It’s been awhile since I posted one of my historical pieces…
A courageous young man, André Estienne volunteered for service in the Bouches-du-Rhône battalion in 1792. There he served as a drummer boy in the 51ème demi-brigade de ligne under General Napoleon Bonaparte’s command. On November 16, 1796, French troops failed to seize the crucial bridge over the river Alphone near the town of Arcole. Estienne led his battalion across a river while holding his drum over his head, and on reaching the far bank, beat the “charge”. This caused the enemy ranks to panic and retreat. French troops streamed across the river and the Austrian soldiers were routed.
Bonaparte, who noted the brave conduct of the 19 year-old who would become known as the “Little Drummer of Arcole” presented him as a hero. Estienne was amongst the first to be admitted to the Légion d’honneur and in 1803, he received his cross from the hands of Bonaparte himself. Further glory was to come. He was selected to beat an honorary ruff at the French emperor’s coronation ceremony on December 4, 1804, at Notre Dame in Paris.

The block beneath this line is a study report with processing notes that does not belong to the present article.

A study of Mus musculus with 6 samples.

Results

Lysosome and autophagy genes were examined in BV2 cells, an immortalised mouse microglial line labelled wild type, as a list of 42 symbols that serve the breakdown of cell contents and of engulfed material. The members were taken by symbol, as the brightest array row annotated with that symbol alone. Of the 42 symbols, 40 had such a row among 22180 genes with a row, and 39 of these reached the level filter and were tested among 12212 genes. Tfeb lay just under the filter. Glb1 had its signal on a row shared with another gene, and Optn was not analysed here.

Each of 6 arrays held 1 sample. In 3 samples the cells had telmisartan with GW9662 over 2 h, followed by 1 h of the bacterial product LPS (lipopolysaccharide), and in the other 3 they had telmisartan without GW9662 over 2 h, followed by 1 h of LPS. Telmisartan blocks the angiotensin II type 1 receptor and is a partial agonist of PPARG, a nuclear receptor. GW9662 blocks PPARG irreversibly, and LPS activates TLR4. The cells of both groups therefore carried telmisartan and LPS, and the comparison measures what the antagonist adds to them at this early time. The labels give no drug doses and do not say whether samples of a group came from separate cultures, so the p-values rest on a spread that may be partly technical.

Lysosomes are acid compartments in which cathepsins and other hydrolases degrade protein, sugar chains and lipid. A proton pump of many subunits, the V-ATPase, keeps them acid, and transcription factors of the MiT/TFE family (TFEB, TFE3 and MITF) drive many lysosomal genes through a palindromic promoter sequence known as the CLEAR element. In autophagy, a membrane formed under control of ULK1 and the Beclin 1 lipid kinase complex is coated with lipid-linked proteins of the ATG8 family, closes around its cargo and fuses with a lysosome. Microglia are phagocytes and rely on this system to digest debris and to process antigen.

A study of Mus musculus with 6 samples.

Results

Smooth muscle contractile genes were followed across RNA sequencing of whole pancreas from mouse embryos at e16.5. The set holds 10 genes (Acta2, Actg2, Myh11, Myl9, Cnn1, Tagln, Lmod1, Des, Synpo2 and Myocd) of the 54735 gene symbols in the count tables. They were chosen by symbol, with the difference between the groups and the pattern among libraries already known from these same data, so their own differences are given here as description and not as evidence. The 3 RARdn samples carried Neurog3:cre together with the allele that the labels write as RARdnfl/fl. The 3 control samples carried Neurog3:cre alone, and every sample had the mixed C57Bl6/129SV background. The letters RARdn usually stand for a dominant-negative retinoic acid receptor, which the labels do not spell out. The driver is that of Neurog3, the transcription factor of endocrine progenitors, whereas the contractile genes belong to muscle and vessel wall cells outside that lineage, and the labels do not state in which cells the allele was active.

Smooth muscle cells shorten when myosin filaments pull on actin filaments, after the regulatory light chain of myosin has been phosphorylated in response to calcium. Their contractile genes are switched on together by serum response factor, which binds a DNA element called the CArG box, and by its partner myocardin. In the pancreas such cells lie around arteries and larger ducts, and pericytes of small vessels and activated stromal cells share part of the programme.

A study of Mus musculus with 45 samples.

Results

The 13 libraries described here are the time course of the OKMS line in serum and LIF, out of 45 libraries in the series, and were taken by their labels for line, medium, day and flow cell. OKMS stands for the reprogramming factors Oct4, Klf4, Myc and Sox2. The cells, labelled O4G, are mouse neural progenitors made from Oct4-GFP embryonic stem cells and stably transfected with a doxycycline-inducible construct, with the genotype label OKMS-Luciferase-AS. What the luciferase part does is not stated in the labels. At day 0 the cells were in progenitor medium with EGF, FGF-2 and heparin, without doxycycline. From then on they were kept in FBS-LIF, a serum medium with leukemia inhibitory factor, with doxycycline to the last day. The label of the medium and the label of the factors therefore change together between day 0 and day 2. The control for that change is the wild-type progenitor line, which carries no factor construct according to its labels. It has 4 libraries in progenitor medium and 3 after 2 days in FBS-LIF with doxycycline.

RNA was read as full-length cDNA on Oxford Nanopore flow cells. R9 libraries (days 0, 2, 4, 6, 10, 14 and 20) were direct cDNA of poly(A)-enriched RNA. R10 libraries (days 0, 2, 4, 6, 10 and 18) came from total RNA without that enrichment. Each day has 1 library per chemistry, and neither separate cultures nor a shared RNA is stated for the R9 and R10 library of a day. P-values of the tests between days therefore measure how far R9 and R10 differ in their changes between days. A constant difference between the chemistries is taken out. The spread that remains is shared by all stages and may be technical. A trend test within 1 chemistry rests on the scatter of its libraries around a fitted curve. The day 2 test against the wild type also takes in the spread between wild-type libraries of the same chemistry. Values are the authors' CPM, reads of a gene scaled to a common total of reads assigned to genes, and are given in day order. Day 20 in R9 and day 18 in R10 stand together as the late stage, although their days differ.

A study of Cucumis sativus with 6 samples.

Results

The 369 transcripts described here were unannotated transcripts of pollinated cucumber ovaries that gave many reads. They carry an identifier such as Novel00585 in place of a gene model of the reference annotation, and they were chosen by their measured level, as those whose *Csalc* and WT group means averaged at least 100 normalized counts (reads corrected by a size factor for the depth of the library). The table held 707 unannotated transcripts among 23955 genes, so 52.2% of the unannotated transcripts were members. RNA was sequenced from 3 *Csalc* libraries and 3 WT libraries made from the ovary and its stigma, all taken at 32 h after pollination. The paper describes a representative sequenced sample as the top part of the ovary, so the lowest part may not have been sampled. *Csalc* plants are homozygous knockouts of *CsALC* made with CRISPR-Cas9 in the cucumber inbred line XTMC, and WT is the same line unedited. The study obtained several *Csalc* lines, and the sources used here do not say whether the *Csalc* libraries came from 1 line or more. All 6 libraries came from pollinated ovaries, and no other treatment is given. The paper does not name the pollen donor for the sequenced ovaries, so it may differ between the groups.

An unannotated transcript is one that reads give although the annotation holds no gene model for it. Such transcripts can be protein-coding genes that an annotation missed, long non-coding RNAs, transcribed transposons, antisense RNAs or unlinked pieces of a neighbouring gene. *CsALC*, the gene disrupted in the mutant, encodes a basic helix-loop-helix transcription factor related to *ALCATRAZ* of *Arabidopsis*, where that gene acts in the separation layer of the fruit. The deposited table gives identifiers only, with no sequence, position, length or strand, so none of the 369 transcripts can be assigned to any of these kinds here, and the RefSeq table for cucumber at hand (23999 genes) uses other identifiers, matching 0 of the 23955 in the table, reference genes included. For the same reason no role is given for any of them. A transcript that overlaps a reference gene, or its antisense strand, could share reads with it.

Estienne is remembered and depicted in the Panthéon in Paris and on the Arc de Triomphe, also in paintings by Charles Thévenin and Horace Vernet. His drumsticks (below) bear the inscription “Le 1er Consul au Citoyen Etne André tambr à la garde à pieds des Consuls” (“The 1st Consul to Citoyen [Estienne] [André] [drummer] in the garde à pieds des Consuls”[guard]).
(Above photo: In 1862 Estienne’s hometown of Cadenet suggested erecting a monument to the venerated drummer boy. After raising the necessary funds the statue was dedicated at the Place du Tambour d’Arcole on August 11, 1894. During WW2 it was dismantled in 1940 as German forces threatened to seize the area. In 1943 the thought of melting it down was proposed by fortunately it was returned to its original home in 1945.)